Today marks deadline day for solar photovoltaics installations in the UK, which will receive heavily reduced feed-in tariff payments from April next year if Government pursues its latest policy proposal.

The ongoing feed-in tariff consultation, which seeks to reduce the incentive rates for PV systems up to 250kW, will not actually conclude until December 23, yet all systems installed after today will receive the lower rates come April, if the cuts go ahead as planned.

Government’s decision to impose the cut-off point 12 days before the consultation ends has prompted a great amount of disruption within the UK solar industry – with many questioning the move’s legality.

The situation

Outlined in the Department of Energy and Climate Change (DECC) proposals are FiT cuts of more than 50 percent for microgeneration systems, which will now receive 21p instead of the previous 43.3p per kilowatt hour. Aggregated systems, such as social housing projects and so-called rent-a-roof schemes could see even deeper cuts to incentives.

Government has also suggested imposing a EPC requirement of Level C before UK consumers can install PV systems – a benchmark which many argue is simply not possible for 50 percent of the UK housing stock.

The backlash

Since the announcement on October 31 – which gave the UK solar industry just six weeks to complete projects – campaigns against the proposals have been launched in a bid to try and get the decision turned over. Action came from Friends of the Earth, a group of solar companies headed up by Solarcentury, and the Cut don’t Kill lobbyists, who were joined by Green MP Caroline Lucas, Caroline Flint MP and former Labour MP Alan Simpson.

Photon Energy's Director, Jonathan Bates, highlights a common view in response to the annoucement:

“The very fact that the proposed reductions will take place from December 13, despite the consultation period not closing until December 23, presents clear concerns about the integrity of the process and whether it is simply a pre-determined outcome,” he said.

“What it means is that the industry will effectively come to a complete halt from December 13 until the final outcome of the consultation is announced, as customers won’t commit to installations amidst this hiatus. If the DECC wanted to actively destroy an industry, it couldn’t have done a better job.

“The industry accepts that tariff reductions were required this year, given that installation prices have fallen by 30 per cent since the FIT scheme was introduced in April 2010. However the DECC is panicking, as evidenced by its second ‘urgent review’ in less than six months, and is proposing overly drastic cuts.”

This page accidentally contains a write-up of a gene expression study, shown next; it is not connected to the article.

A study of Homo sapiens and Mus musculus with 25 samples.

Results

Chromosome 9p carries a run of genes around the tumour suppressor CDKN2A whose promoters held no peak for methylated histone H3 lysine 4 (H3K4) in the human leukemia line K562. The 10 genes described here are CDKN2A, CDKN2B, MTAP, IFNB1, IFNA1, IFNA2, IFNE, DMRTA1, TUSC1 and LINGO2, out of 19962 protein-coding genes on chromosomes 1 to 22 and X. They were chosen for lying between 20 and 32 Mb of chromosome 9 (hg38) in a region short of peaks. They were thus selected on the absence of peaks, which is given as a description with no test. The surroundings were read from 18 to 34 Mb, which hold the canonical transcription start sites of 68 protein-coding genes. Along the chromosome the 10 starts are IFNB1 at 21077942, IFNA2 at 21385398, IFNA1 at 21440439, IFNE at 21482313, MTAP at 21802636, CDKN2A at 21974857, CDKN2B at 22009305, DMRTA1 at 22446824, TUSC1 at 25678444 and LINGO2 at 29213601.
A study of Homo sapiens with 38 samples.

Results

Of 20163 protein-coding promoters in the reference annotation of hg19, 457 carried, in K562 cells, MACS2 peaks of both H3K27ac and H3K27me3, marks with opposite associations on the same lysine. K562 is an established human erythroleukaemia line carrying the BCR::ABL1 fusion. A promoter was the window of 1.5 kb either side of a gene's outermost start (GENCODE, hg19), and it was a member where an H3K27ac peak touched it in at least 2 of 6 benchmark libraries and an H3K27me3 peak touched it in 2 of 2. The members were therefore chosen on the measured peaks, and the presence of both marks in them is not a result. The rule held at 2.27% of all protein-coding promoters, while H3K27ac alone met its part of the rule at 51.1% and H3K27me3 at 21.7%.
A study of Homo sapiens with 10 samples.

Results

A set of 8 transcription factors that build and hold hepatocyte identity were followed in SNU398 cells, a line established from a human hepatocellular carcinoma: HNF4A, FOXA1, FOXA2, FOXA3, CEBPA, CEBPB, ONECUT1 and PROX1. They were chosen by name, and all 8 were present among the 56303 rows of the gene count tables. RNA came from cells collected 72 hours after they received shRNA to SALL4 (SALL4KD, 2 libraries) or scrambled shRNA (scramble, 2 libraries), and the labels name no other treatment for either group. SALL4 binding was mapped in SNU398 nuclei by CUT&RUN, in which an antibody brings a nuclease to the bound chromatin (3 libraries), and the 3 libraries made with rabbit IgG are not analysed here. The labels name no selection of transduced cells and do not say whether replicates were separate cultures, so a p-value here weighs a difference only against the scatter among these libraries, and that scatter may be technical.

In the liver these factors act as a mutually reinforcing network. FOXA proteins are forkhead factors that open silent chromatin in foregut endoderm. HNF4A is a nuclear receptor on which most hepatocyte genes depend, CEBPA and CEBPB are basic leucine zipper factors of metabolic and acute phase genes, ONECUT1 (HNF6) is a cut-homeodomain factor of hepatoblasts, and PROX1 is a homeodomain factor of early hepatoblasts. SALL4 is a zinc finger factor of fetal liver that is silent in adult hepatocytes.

However, despite industry’s best attempts to overturn the decision, Government insisted that action needed to be taken – and fast – due to budgetary restraints.

Charles Hendry MP, said: “I think what we have done is to put right a bad system. This was based initially on a presumed right of return of 5 percent. Because the last of the technology has come down so much, people are getting a rate of return on the investment of over 10 percent, tax free for 25 years, put on everyone else's electricity bills.”

“That's simply unaffordable,” he continued.

The future

While many were outraged by the proposals, a large amount of those working in the UK solar industry say they accept the cuts needed to happen in order to create a sustainable future. In fact, in most cases it was the six-week timeframe that caused the most amount of disruption – forcing many to work around the clock to complete projects, causing the MCS registration website to crash last week due to the sheer volume of those trying to log on. In fact, the latest DECC figures show that more than 83MW was added to the database last week alone.

Today, the main concern in industry is the future of the UK solar industry, and in particular: jobs. With just two weeks before Christmas, fears are mounting that redundancies are on the horizon. According to the latest reports, approximately 20,000 positions are at risk, potentially adding to the vast amount of unemployment in the UK.

Robert Goss, MD of Conergy in the UK said, “Coming before the consultation is complete, the feed-in-tariff cuts looks like a pre-emptive strike by the Government. They should certainly be thinking about how they can bridge the gap for solar between now and the Green Deal coming on stream.”


While Howard Johns, Chairman of the Solar Trade Association (STA) said, “I've got a list of companies where 80 percent of staff are going through consultation for redundancy.”

“A lot of people in the solar industry have diversified out of other areas because those areas are in serious recession,” he continued.

Results of the consultation are expected some time in January, although no date has been officially announced.